This bread is a great tasting Sourdough bread. It is called a stretch bread because it is not kneaded but instead is gently stretched 3 or 4 times. A stretched dough is a technique that literally stretches the dough to aid the formation of a gluten network. This is done during the first fermentation when the dough is folded onto itself. Stretched bread are typically high hydration doughs (high water content). This recipe is a high-hydration bread yet lower than many, around 77%, making it easier for the baker to handle and stretch. Don’t be fooled by the lower water content; its crumb is soft and moist and light as a feather.
The salt in most of my stretch bread recipes may appear high at 2.5%, but the salt aids in the overall structure of the crumb. There is no kneading to a stretch bread, the gluten formation is achieved using high water content, higher salt and light folding.
My levain is stored at room temperature (60 to 77 degrees), not in the refrigerator. Please read my blog on starters for more information.
Autolyse and the first fermentation are at a much higher temperature than most at 85 degrees F. This is because my starter is naturally full of lactic acid bacteria and these lactic acid bacteria (LAB) like the heat.
I always perform a bench rest. The bench rest for this recipe is 30 minutes. Proofing is retarded in the refrigerator for 12 hours which helps to slow the fermentation down a bit and adds structure when turning the loaf into the dutch oven. Kamut has a nutty flavor and adds a golden color to the bread. My family loves it, and I hope you do as well.
Quail Hollow Kitchens’ Kamut Levain
Overall Formula - Makes 2 large 500 gram loafs
200 g Kamut (whole grain Central Milling – milled fine in a KoMo grain Mill)
300 g AP flour (Bobs Red Mill Organic) See note below
500 g bread flour (Kind Author Organic) See note below
750 g water non-chlorinated (hold back 4 TB approx. 50 grams)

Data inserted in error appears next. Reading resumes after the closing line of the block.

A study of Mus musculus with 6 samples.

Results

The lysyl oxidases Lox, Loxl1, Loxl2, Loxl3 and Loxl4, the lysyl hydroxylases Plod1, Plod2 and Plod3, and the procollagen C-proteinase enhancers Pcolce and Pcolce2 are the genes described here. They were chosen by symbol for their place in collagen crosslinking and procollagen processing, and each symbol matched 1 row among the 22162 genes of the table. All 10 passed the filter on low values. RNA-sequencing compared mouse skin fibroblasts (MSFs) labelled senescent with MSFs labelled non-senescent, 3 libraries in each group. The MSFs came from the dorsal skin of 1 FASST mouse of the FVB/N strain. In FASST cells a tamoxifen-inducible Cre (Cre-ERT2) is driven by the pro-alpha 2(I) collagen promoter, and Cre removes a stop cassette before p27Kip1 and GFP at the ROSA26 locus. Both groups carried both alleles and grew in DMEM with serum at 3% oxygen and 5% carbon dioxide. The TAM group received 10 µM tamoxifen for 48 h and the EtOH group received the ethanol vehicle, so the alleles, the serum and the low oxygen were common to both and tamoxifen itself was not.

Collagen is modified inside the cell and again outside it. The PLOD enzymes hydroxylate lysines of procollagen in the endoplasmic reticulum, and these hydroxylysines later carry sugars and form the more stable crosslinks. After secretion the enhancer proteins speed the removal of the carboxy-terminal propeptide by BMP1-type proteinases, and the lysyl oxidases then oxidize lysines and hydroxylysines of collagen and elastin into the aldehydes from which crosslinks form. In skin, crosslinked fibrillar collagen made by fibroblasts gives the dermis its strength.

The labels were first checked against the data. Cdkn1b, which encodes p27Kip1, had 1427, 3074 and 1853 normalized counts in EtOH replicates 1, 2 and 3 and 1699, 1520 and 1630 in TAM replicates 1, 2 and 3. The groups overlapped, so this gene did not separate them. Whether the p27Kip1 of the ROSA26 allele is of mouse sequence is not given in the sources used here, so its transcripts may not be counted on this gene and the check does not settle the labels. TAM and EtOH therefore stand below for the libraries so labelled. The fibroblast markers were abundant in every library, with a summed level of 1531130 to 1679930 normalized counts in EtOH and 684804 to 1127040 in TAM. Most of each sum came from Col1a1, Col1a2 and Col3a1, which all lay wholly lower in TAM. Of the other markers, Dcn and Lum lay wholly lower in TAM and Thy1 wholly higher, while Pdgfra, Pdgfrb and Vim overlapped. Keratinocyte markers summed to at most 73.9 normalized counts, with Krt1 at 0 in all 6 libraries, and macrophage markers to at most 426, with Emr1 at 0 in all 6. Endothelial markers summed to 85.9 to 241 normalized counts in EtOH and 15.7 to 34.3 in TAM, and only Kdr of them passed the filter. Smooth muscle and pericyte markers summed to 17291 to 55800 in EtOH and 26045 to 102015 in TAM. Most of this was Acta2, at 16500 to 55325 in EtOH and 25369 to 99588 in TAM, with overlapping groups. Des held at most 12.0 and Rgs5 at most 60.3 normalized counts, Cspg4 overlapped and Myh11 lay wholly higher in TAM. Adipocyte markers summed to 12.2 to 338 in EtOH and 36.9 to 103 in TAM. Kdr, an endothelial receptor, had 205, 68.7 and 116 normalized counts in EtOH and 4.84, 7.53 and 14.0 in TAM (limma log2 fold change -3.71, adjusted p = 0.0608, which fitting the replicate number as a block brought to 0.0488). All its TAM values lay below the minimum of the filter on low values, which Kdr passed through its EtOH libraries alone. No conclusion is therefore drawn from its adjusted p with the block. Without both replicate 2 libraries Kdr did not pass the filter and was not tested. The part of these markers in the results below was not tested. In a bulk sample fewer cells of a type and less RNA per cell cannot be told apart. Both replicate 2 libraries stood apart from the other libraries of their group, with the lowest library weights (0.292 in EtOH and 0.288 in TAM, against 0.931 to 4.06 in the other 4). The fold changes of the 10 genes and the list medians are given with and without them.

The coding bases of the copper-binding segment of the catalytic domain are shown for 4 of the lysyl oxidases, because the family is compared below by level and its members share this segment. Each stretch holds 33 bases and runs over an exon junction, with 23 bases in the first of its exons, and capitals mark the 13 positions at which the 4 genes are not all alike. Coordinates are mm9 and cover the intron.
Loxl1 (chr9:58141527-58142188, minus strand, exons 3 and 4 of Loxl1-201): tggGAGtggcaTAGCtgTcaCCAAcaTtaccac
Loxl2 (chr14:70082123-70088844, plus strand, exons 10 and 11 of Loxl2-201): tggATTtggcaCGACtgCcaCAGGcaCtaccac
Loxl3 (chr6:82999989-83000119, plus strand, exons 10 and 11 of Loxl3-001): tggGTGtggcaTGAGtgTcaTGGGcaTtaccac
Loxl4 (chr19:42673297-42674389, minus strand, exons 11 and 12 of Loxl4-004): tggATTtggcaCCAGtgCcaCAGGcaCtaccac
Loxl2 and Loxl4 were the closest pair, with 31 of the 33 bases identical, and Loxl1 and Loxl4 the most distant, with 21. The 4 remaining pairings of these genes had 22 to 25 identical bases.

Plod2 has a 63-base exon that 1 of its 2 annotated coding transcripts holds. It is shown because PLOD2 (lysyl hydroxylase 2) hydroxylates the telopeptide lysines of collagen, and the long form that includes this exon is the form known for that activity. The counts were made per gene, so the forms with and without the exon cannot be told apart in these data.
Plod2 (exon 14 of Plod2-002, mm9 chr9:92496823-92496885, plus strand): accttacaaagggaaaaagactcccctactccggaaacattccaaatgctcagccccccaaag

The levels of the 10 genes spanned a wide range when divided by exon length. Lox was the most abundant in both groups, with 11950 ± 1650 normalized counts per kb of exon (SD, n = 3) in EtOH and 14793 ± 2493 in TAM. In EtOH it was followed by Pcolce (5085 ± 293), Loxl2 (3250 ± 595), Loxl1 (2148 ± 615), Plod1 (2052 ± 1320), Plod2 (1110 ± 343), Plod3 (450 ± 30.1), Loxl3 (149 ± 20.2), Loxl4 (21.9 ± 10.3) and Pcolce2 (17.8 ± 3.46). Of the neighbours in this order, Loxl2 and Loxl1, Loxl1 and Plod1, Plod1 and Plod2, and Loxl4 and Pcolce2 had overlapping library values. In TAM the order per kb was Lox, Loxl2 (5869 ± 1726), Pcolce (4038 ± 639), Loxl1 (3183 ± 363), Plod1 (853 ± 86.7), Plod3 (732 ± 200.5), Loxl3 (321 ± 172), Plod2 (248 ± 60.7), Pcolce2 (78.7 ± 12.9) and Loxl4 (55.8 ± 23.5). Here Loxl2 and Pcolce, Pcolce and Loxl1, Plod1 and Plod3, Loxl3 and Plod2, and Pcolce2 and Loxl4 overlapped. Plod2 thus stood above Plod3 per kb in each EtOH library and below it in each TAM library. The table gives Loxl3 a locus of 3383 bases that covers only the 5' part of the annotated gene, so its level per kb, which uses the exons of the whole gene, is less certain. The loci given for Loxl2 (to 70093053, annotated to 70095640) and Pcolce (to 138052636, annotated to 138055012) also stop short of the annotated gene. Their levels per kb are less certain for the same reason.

200 g AP flour starter (feed in the last 6 hours, do a float test)
25 g sea salt
Liquid-Levain Build (your starter build)
200 g Ap Flour
200 g water
50 g mature starter
Day 1. Mix liquid levain about 6 to 12 hours before the final mix and let stand covered at room temperature about 65 degrees F
Day 2. Next day warm water to 84 degrees. Mix levain and water (except hold back). Next add Kamut and Ap flours. Slowly incorporate in bread flour until soft dough forms.
Allow to rest covered for 2 hours in 85 degrees F in a proof box. After the 2 hours gently fold in water and salt.
Continue in proof box at 85 degrees for an additional hour and a half During this time gently fold dough every 30 minutes. This should be three additional folds after the salt addition. Remove dough from box, cover with a towel and allow to rise slowly for an additional hour and 1/2, you will see an increase in volume, large fermentation bubbles, and the dough will have a slight spring to its texture.
Next empty contents of bowl onto a lightly floured bread board. .Split dough in ½ allow to rest 30 minutes
Shape dough into boule and place into well-floured proofing basket. Cover with plastic. Retard dough overnight in refrigerator for 12 hours.
Day 3. Preheat oven to 500 degrees F with a Dutch oven inside. Remove from refrigerator breads, slash with bread lame, and bake in a cover cloche which has been fully preheated to 465 degrees F for 25 minutes.
Remove cloche lid and continue baking for an additional 5 minutes or until the internal temperature is above 200 yet below 210.
Food Science Notes: This recipe has been submitted to the Bread Bakers Guild of America by Quail Hollow Kitchens. Definition of a levain per the Bread Bakers Guild of America, “Levains may be manipulated with hydration, time and temperature to produce more or less acidic flavor profiles and may be used in all types of dough, including sweet dough.” The flours have been specified in this recipe to avoid collapse during fermentation. The flour/wheat varieties noted maintain the dough with balanced rheological properties. Some wheat varieties can result in highly porous dough characteristics which prevents the dough from reaching a maximum height during final fermentation. What is then seen in the bread is a collapse in the elevated fermentation temperatures. The resulting crumb dense and heavy. I am not endorsing a specific brand, it has just been through experimentation and observation that these varietals work well.